For a second there, I thought we had zombie nuns and I was really excited, though possessed-nuns-that-weren't-actually-possessed were kind of fun, too. I guess. But still, can you imagine if they'd been ZOMBIES?
Da Vinci's Demons, with its super-short schedule of only eight hour-long installments in the first season, is clearly meant to be considered a serial—and for the most part, it is. Da Vinci's hunt for the Book of Leaves, the other piece of his odd-shaped key, and a resolution to his various childhood traumas make up the larger season-long story, along with the historical conflict between the Medicis and the Vatican, whatever Lucrezia's deal is, and the whole Sons of Mithras thing.
However, if any one of the episodes we've seen thus far—and admittedly there aren't many to pick from at the moment—has embraced a more traditional case-of-the-week format, it's "The Prisoner." That's not necessarily a bad thing, and in this instance, I think it worked well as a place to pause and catch up to the huge amount of detail we've been handed in a very short amount of time. The framing of the poisoned nuns within Count Riario's mysterious encounters with the bearded prisoner down in his dungeon served to emphasize the self-contained nature of the episode.
Young Leo found himself in trouble with the Medicis for the second week in a row when he blew them off and then griped about their crappy factory making crappy copies of his boomstick(s) on wheels. Da Vinci was also hoarding corpses in his workshop like a crazy person and apparently that place smelled awesome.
But beyond that, Da Vinci's segment of the story was rather straightforward. An extra from a horror movie wandered onto the Florentine market set, stabbed her eyes out, and was revealed to be a nun from the local convent who'd reportedly been possessed. The nuns called for backup from the Vatican after their situation appeared to take on a dire, plague-like appearance, and it was implied that the exorcist who answered the call was just killing the affected women and declaring them demon-free.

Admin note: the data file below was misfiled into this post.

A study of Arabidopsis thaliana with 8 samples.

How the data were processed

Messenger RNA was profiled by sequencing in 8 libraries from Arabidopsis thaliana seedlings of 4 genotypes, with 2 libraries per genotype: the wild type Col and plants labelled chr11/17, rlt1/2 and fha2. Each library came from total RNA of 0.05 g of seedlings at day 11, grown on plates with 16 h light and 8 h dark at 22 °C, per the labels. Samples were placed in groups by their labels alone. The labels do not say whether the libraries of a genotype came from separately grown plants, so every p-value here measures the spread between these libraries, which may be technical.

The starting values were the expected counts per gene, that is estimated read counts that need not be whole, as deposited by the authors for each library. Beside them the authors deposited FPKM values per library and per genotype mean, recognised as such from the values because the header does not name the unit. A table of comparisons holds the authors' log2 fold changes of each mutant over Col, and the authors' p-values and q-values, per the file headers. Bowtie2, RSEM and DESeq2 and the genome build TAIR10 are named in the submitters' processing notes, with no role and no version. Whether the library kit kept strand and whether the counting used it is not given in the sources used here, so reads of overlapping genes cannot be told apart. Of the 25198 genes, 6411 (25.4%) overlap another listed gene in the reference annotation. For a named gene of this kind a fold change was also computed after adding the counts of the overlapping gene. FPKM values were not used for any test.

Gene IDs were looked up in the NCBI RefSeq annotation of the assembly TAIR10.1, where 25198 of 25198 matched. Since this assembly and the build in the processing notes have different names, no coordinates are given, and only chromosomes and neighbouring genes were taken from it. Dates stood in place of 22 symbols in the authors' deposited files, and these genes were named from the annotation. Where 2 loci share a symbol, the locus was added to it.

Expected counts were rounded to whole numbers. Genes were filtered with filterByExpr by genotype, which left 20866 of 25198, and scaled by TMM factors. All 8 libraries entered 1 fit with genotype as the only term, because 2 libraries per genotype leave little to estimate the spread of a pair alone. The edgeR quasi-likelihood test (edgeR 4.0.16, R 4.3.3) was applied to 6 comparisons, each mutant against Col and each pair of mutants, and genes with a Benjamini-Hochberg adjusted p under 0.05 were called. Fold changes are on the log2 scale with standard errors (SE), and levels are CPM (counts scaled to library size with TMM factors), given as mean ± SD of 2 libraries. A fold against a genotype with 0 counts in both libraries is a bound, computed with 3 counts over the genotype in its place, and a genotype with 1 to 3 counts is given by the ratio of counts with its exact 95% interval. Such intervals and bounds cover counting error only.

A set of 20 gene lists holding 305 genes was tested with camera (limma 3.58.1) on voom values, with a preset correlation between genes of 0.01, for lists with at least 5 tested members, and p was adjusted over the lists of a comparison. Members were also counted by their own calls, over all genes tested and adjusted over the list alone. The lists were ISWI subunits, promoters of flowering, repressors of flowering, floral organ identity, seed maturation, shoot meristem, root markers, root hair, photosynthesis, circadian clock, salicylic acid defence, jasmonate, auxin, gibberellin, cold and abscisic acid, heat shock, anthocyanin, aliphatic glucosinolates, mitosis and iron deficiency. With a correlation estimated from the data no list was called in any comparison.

Leo didn't really care about the silly pretend demons until his ladyfriend, Vanessa, was revealed to be afflicted by them. When he arrived at the convent, he put his skeptical eye to use and looked for various contaminants at the scene—shrooms, spiders, paint with dangerously high mercury levels—while the non-possessed nuns accused him and the Medicis of bringing Hell upon them with their SCIENCE and stuff.
Science managed to save the day, however (Is that a theme? I think it's a theme) when Da Vinci went on a CGI acid trip and realized that all the "possessed" nuns had taken part in the convent's tradition of kissing a statue of St. Anthony's feet. Sure enough, there was a crazy hallucinogenic fungus smeared all over Tony's big toe. Also: Lucrezia did it. Also: maggots and worms and cockroaches because Starz doesn't want me to be able to sleep at night.
Elsewhere, Lucrezia Donati was a busy lady, breaking curfew and having unenthusiastic illicit sex with Lorenzo because he was super stressed about the whole spy-in-his-ranks thing. His adviser thought the mole might be Clarice, his wife. Clarice implied that it might be Lucrezia, but then showed her hand too early when she met with Lucrezia and tried to put the fear (of God, I guess?) into her. And then, between all the sneaking around and sexytimes and being sad about whatever the hell it is Lucrezia is always moping about, she managed to find time to frame Lorenzo's adviser as the spy.
What did you think of "The Prisoner"?
– This week in Leonardo Da Vinci Is a Smarty McSmarty Pants, Da Vinci theorized continental drift.
– Lucrezia: "How can you stand to look at me?" Clarice: "Because I know you'll never be up on that wall." Clarice is so MEAN. <3<3<3
– Sadface parallels between Lucrezia and the caged bird. Seriously, what is her deal?
– Who is the bearded dude Riario has dungeon game night with?